Recent severe weather that lashed Aotearoa has impacted the ability to collect wastewater samples for Covid-19 surveillance. (File photo)
Whole regions have had their Covid-19 wastewater testing affected by Cyclone Gabrielle and further severe weather, causing “gaps in the data”.
The Institute for Environmental Science and Research (ESR) confirmed recent severe weather that hit Aotearoa had impacted on wastewater surveillance, with some sites in the North Island unable to collect wastewater due to “competing staff demands and issues with courier access”.
In the week ending February 19, all sites in Northland were unable to collect samples.
And in the week ending February 26, 50% of Northland sites were back collecting samples, but no samples were collected in either Hawke’s Bay or Gisborne.
* Explainer: Everything you need to know about wastewater testing in NZ
* Covid-19: Why did reported cases rise 10% in the last week?
* How much rain and wind Cyclone Gabrielle lashed across Aotearoa
“While there may be some gaps in the data, other locations around the country continue to provide quality surveillance of Covid-19,” a spokesperson for ESR said.
Ministry of Health insights data showed the level of viral RNA in wastewater for the week ending February 12 “slightly increased”, but “decreased” in the week ending February 19 (the most recent data available).
How long there may be issues collecting wastewater samples is dependent on weather.
If it continues to rain heavily, “we anticipate there could be more disruption”, the spokesperson said.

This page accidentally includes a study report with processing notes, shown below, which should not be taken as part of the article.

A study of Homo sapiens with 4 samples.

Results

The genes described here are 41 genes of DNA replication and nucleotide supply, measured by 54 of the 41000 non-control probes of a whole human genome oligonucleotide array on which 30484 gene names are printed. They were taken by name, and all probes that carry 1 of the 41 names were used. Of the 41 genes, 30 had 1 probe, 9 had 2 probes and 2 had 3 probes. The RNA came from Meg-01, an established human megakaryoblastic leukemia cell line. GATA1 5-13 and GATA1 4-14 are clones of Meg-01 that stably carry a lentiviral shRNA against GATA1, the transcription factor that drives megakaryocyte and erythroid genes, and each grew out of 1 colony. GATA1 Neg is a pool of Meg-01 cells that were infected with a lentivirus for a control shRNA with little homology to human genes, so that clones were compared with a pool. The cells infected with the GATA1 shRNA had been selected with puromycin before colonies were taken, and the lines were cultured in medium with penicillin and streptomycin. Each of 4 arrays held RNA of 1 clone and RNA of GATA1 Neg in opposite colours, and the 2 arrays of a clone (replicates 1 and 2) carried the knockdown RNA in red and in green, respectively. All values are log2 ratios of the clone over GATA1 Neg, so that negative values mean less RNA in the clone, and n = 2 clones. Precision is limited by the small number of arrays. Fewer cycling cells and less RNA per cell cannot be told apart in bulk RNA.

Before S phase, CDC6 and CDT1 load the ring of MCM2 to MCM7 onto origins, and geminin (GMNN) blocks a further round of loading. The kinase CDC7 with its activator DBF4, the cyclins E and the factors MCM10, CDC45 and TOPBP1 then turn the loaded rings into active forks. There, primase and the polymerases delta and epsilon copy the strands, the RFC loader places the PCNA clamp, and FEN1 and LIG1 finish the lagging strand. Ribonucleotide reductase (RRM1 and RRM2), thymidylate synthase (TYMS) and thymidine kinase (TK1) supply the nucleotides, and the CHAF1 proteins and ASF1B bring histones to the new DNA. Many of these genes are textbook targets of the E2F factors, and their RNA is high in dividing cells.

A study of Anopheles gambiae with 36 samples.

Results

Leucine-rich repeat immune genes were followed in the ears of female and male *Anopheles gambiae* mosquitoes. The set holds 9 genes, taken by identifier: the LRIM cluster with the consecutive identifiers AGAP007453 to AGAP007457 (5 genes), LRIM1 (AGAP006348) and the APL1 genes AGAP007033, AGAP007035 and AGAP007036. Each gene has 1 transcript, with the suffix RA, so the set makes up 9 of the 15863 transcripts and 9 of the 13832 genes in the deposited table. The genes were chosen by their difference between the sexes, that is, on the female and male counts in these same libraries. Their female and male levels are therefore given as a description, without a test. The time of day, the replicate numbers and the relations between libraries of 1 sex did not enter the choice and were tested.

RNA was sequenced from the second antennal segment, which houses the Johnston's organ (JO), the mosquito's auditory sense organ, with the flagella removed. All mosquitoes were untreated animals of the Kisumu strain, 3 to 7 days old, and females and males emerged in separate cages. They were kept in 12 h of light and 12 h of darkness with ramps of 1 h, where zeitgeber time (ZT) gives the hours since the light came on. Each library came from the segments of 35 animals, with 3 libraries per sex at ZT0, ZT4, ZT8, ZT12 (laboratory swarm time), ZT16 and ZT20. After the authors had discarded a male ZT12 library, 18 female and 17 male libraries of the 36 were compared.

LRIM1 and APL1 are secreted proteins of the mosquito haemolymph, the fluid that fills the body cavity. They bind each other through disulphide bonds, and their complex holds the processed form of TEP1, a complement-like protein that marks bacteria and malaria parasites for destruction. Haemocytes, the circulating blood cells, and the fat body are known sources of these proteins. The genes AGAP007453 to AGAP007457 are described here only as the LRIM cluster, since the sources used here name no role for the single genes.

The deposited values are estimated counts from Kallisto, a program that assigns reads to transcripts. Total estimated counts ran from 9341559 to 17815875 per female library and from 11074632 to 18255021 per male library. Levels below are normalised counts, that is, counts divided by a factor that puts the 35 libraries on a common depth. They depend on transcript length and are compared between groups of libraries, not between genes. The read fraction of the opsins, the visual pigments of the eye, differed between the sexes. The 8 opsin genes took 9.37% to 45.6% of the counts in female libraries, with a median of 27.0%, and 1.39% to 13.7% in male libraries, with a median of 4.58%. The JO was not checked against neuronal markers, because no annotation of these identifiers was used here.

Another issue with stormwater getting into wastewater systems is it can result in increased flows at some sites.
This can dilute the sewage, which at the low end can result in “non-detections” of SARS-CoV-2.
“However, most sites continue to have detectable levels.”
Dilution of sewage by stormwater may reduce the levels of SARS-CoV-2 detected per litre for some sites in the previous few weeks.
For sites that provide daily flow data, ESR can adjust the measured SARS-CoV-2 levels by flow rate, therefore the long-term surveillance value of wastewater testing “is not negatively impacted”.
Hawke’s Bay before and after Cyclone Gabrielle
Infectious diseases’ physician, University of Otago Professor Kurt Krause said the loss of wastewater testing data was “always a concern”.
However, he said this was a “fortunate” time for it to happen – as it’s been “pretty quiet” in terms of numbers, and there’s “plenty time to recover”.
But as we’re coming into “a time with a lot of change” (students are back at school, universities have resumed), it “would be good to get it back” as soon as possible, Krause said.
“It’s not a huge crisis, but it’s something we want to get back quite quickly.”
ESR said it is important to highlight “how grateful we are to wastewater plant operators for their ongoing efforts to support sampling”.